I have kept a teaching journal since my days student teaching. Recently, I went through some of my older ones, and relived some classroom moments. Can anyone relate?
— Classes reviewed pronoun usage today. It was fatally boring.I transcribed and returned their oral exercises. What surprised me in these was not the grammar but their responses to the question: Does a person owe something to the community in which s/he grew up. Traditionally, in the black community, the answer to that has been an unquestioned yes. But these are divided…
— After-school session with a group of seniors struggling over S/V agreement. We talked through some examples from the text focusing on the “why.” One student was having an especially difficult time; he stayed with me until almost 4:30. Although the session went well, I am most concerned about not yet making a strong enough connection between their own writing and the usage issues. For that matter, I’d like more connection between all the aspects of language arts within the class. We’re supposed to be studying the early poets…NOT. I can’t even bring myself to go that way. Trying to think of a way to connect the study of those with rap lyrics…
— Observations on [student] Interview #1. I’m intrigued by several of her comments. TL appreciates, even enjoys, drill and recitation in grammar. Copying rules from the book and then repeated drills. Her mother has told me, and I’ve observed that she is very serious about her school work to the point of test anxiety. When she talked about it, I could sense the security that this method gave her. “I know I’ve been taught; I know I’ve mastered it.” She also brought up that her Black teachers seemed to care more about whether their students passed or failed. She says we refuse to ‘allow’ children to quietly quit. We fight, pull, cajole, sometimes nag them to the point where they’d rather pass because it’s easier.
— The counselor asked me to sit in one of the math teacher’s classes so that teacher could come to the office for a parent conference. I knew all of the students, and they were very relaxed with my being in the room. It was a geometry class. We joked, and I finished my lunch as they worked. They were actively, no, fervently, assisting each other with the assigned problems. There was no shame (visibly) or embarrassment among them about not knowing how to do the work. I had seen the same phenomena in my own room AFTER they finished our work on English, and they began helping each other with math or science homework.
Why, I wondered, (and asked them aloud) was there not this same attitude of sharing when it came to doing English assignments? I had observed (and they confirmed) that they would distrust and disparage one another’s knowledge of English, always wary of a classmate’s suggestion on a sentence or writing revision. Only my comments were accepted. They are embarrassed that they can’t “do” English, but they are also angry. One said, “Well, Miz Mo’, lots of people need help in math or science, but everybody s’posed ta know English!”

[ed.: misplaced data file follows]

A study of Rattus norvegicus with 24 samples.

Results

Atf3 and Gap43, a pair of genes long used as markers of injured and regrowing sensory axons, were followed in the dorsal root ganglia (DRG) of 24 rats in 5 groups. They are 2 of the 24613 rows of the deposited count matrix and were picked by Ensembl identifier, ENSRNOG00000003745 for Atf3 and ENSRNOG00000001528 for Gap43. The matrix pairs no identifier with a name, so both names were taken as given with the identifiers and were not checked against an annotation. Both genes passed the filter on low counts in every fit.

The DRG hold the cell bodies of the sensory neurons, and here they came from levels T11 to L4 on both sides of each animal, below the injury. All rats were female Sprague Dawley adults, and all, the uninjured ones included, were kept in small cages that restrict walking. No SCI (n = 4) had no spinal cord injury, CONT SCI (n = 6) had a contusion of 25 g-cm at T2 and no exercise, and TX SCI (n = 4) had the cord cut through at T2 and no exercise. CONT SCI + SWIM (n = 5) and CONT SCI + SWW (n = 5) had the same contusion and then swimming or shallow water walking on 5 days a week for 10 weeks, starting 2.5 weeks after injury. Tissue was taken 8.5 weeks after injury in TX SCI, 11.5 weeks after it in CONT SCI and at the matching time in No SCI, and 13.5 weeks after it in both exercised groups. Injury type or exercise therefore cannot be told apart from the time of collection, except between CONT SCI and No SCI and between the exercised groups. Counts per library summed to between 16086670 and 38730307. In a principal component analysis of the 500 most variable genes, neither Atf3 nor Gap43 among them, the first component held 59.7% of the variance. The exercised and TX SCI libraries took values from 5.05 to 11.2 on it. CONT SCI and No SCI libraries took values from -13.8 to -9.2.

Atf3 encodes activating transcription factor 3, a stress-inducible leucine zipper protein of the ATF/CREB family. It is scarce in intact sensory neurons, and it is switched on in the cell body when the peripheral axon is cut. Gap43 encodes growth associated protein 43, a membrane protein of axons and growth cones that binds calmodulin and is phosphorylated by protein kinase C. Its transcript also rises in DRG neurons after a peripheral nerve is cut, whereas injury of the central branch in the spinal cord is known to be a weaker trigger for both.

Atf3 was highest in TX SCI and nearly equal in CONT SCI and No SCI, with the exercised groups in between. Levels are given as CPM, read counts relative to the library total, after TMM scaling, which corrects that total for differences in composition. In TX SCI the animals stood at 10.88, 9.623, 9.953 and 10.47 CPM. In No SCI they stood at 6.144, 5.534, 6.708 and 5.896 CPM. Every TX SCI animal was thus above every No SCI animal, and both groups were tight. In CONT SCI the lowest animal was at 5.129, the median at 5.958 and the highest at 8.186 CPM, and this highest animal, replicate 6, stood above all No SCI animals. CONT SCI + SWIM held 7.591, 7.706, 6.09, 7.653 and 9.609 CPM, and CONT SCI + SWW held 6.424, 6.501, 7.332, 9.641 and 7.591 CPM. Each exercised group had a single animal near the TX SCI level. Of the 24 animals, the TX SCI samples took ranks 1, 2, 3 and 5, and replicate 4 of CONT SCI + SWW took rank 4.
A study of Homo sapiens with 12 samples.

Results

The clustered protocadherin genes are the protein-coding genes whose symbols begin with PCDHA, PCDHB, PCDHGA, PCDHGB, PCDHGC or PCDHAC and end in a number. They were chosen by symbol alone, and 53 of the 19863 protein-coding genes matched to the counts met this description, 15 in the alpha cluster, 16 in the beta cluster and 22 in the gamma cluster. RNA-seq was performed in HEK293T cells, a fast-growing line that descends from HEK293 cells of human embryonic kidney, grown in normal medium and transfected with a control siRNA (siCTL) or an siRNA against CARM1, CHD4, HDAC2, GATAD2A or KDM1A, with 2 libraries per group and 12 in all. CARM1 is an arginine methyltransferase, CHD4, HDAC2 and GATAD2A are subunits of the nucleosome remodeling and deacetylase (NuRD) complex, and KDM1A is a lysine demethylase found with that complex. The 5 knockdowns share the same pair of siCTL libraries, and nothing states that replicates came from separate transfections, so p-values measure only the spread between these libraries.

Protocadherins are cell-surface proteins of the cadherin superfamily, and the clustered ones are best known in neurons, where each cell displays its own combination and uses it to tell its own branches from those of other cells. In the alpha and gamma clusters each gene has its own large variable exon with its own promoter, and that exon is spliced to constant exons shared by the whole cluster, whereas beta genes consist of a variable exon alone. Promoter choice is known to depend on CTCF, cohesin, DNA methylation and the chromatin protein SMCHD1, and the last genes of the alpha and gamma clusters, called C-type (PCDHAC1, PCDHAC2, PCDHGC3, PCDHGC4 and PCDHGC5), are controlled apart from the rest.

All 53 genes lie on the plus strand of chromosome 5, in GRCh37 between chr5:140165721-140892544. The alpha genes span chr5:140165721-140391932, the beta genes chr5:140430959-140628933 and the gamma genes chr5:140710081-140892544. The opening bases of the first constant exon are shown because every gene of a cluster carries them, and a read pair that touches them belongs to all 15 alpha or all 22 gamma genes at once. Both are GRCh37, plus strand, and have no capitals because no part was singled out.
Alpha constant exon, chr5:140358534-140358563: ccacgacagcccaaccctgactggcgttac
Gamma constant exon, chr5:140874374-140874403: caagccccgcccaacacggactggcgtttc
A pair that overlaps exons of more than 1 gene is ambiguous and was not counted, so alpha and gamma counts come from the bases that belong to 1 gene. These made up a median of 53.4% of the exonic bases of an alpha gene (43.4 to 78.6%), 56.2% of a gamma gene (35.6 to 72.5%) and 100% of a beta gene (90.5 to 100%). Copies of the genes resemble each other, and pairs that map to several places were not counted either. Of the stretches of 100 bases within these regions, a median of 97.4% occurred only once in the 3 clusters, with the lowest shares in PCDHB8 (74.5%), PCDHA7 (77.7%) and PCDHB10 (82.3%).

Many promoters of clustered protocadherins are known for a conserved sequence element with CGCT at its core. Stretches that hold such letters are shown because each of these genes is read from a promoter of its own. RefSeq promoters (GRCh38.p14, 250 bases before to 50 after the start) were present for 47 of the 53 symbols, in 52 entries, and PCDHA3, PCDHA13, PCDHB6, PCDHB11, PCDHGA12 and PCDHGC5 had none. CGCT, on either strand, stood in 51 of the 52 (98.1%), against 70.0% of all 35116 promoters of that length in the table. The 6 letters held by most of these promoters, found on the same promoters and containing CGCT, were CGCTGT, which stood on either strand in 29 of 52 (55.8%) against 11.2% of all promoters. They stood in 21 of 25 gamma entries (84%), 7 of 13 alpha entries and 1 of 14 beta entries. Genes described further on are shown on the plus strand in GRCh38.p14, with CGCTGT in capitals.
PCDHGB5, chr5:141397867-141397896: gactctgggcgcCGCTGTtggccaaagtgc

— During a Saturday morning conversation, a parent [African American male] made this spontaneous and passionate observation:
“Personally, English offends me. It insults me. If you talk to someone who considers himself an English person, the first thing they want to do is correct me. I’m American; I’ve been speakin’ all my life. Why do I have to be corrected? I refuse to stop using my “com’ ‘ere’s” and “git da’ts.” What you’re saying and what most Black kids are probably thinking is that there must be something wrong with me that I don’t know English and I’ve been speaking it all these years. You feel like a captured slave. Like we’re still slaves. We’re forced to accept somebody else’s culture.”
— Today during our class opening grammar activity, we came across the following sentence: “I took my dog Sam to the lake who was lame.” One of the students found this in an ACT practice exercise. The author’s intention is to create a misplaced modifier by suggesting the lake is crippled rather than Sam, the dog. However, my students all interpreted the word “lame” in its more popular connotation “boring.” Hence, their “correction” of the sentence was to change WHO to WHICH. The incident became a teachable moment for me to explain cultural bias.
— A so-called reading specialist from the State Dept. waltzed in today and, without so much as a casual conversation with any of us, proceeds to announce that THE problem with our students is that they come from poor, single parent homes in which they were not read to often enough, if at all. We are, therefore, to compensate for this lack by taking 20 minutes of each class period to read primary level books to them. The fact that she looks like Shirley Temple and had only taught for a year or two in lower elementary before going to work for SDE doesn’t help her credibility with the faculty, many of whom laughed at her out loud, or cussed under their breath.